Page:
Meet the People

A boy hides out in a tree.

Nagano, Japan, is a city that reflects both Japan's history through thousands of years and its modern economy. The 1998 Olympic Winter Games in Nagano gave millions of people around the world an opportunity to see on television the beautiful mountains and countryside of Japan as well as the country's culture and history. But millions of people each year already see the beauty of Nagano when they visit the Zenkoji Temple, situated on a hill above the city. More than 1,300 years old, it was built to hold the first image of Buddha brought to Japan. It is a very famous and important Buddhist shrine. The temple has traditional Japanese gardens, art, and architecture. Below the temple sits a bustling city that possesses modern skyscrapers and houses and a population of 350,000 people.

The students at Shinonoi Nishi Junior High School in Nagano were online guests in February 1998, when the Olympics were held in their city. They felt concern about the environment of their beautiful mountain-filled region, where mountain peaks rise more than 10,000 feet high.

Caring about the environment is an important activity of the school. When a new school building was constructed 32 years ago, many trees were knocked down. So students at the school began a project in recent years to plant new trees. They have planted oak trees, and people at the school now care for the trees in hopes they can regain the lost beauty around the building.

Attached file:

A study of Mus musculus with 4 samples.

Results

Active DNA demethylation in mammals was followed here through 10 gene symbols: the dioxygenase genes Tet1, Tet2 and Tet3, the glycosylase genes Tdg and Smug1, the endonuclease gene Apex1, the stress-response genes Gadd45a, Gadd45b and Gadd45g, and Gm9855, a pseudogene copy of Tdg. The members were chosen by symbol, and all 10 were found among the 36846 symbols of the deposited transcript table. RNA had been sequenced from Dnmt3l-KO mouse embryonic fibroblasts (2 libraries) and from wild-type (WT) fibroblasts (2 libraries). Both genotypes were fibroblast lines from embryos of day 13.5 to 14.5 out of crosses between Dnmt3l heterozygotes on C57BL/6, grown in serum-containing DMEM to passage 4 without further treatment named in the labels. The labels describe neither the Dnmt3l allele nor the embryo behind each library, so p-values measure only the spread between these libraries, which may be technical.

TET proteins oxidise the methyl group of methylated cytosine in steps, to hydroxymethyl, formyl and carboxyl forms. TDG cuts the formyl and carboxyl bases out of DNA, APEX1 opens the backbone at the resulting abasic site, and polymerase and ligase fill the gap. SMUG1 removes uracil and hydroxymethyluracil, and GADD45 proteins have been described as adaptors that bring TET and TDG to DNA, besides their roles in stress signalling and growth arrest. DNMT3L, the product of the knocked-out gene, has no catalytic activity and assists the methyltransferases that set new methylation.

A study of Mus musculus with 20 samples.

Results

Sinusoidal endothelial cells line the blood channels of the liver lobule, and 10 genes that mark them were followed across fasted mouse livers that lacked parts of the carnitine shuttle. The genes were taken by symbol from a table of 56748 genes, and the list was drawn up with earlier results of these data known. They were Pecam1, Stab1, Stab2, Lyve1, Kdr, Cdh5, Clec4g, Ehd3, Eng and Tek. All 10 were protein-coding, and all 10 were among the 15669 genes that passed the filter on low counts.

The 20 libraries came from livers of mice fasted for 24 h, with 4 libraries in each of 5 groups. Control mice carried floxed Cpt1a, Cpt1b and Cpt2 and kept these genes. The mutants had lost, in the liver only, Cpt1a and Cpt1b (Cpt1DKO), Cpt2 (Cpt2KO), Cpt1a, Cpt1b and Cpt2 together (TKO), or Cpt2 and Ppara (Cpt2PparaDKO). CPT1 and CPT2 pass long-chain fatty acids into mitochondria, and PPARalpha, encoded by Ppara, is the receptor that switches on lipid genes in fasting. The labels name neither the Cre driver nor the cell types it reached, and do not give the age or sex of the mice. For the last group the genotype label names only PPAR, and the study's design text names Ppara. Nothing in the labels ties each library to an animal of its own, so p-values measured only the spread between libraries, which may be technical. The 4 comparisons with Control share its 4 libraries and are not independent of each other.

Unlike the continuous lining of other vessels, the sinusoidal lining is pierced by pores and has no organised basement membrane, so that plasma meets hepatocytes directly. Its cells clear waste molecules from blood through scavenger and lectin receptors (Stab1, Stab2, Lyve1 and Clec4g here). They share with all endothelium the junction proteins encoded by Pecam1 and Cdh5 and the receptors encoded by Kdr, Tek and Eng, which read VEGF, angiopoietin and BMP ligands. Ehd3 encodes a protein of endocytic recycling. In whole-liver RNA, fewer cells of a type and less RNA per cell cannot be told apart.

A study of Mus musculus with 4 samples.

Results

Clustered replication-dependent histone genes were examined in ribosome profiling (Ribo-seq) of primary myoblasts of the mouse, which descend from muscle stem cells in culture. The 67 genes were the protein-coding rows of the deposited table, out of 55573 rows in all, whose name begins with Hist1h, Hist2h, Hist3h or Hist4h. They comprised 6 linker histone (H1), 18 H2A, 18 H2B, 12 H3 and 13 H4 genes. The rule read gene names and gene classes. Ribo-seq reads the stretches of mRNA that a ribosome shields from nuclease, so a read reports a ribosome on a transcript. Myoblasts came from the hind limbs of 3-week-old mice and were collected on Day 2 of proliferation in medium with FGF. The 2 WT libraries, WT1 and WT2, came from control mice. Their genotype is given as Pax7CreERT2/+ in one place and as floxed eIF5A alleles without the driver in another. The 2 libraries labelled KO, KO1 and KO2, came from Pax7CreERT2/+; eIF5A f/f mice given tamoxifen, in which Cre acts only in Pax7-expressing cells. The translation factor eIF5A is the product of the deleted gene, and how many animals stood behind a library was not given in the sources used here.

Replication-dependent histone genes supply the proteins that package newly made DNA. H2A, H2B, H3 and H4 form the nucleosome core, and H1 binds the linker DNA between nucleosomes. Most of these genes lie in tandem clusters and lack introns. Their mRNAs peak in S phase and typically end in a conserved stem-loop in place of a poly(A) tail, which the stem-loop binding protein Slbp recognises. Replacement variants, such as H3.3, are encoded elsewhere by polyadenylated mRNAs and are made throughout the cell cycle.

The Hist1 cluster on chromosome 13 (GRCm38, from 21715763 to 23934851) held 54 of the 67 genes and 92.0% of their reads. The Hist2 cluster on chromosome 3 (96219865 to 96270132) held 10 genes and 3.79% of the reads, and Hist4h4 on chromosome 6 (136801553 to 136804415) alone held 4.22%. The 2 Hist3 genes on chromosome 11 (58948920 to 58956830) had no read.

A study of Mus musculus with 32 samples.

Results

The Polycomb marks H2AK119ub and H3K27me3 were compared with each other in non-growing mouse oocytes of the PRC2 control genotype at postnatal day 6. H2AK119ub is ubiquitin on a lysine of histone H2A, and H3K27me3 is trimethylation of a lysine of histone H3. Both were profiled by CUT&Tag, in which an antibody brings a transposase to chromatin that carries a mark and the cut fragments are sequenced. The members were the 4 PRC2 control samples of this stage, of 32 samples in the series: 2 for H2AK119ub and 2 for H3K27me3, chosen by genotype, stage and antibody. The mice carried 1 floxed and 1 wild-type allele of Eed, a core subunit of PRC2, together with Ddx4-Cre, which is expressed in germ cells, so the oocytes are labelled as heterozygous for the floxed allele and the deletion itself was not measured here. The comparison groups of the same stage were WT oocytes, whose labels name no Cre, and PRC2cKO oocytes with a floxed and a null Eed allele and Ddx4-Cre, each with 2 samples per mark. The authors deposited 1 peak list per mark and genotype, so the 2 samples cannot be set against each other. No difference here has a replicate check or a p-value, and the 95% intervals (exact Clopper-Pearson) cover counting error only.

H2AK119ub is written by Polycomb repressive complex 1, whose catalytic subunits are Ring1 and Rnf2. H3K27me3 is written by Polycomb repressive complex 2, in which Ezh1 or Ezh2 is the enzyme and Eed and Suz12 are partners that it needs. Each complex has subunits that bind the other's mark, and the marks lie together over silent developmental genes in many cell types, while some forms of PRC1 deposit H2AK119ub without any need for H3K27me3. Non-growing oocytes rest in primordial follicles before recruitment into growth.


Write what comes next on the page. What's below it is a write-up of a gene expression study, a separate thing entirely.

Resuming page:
Working to protect the environment was also one of the first projects in which Shinonoi Nishi Junior High students became involved on the Internet. The school has had Internet access since 1995. Students participated in an Internet project about how to keep the world's environment clean. They have communicated online with students in New Zealand, Australia, the United States, and other parts of the world. Learn about life in Japan directly from these students who were interviewed by Scholastic users in 1998.

Daily Life

  • Japan's climate is like that of the eastern U.S. In the south, it is muggy and hot, like Florida. In the very north, summers are cool and winters icy, like Maine.
  • Most Japanese homes are very small. To make the most of their small spaces, most Japanese people sleep on special futon mattresses that they roll up and store during the daytime. During meals, at small tables without chairs, many sit in kneeling positions on the floor.
  • Both Japanese food and American-style fast food are popular in Japan. The Japanese foods include raw fish and rice; treats like jellyfish and eel; and sometimes even creatures like silkworms on rice or honeybees in soy sauce.
  • In the ninth grade, Japanese students take a major test that determines if they should prepare for higher education.
  • Some Japanese students help to clean their schools and to serve lunch. It's part of a strong social code of cooperation with each other — at home, at school, and at work. The code is called "wa" (harmony).

Write about it:
What are some of the questions you would ask the kids of Japan? Write them in your journal and then see if they were answered in the Kid Q&A!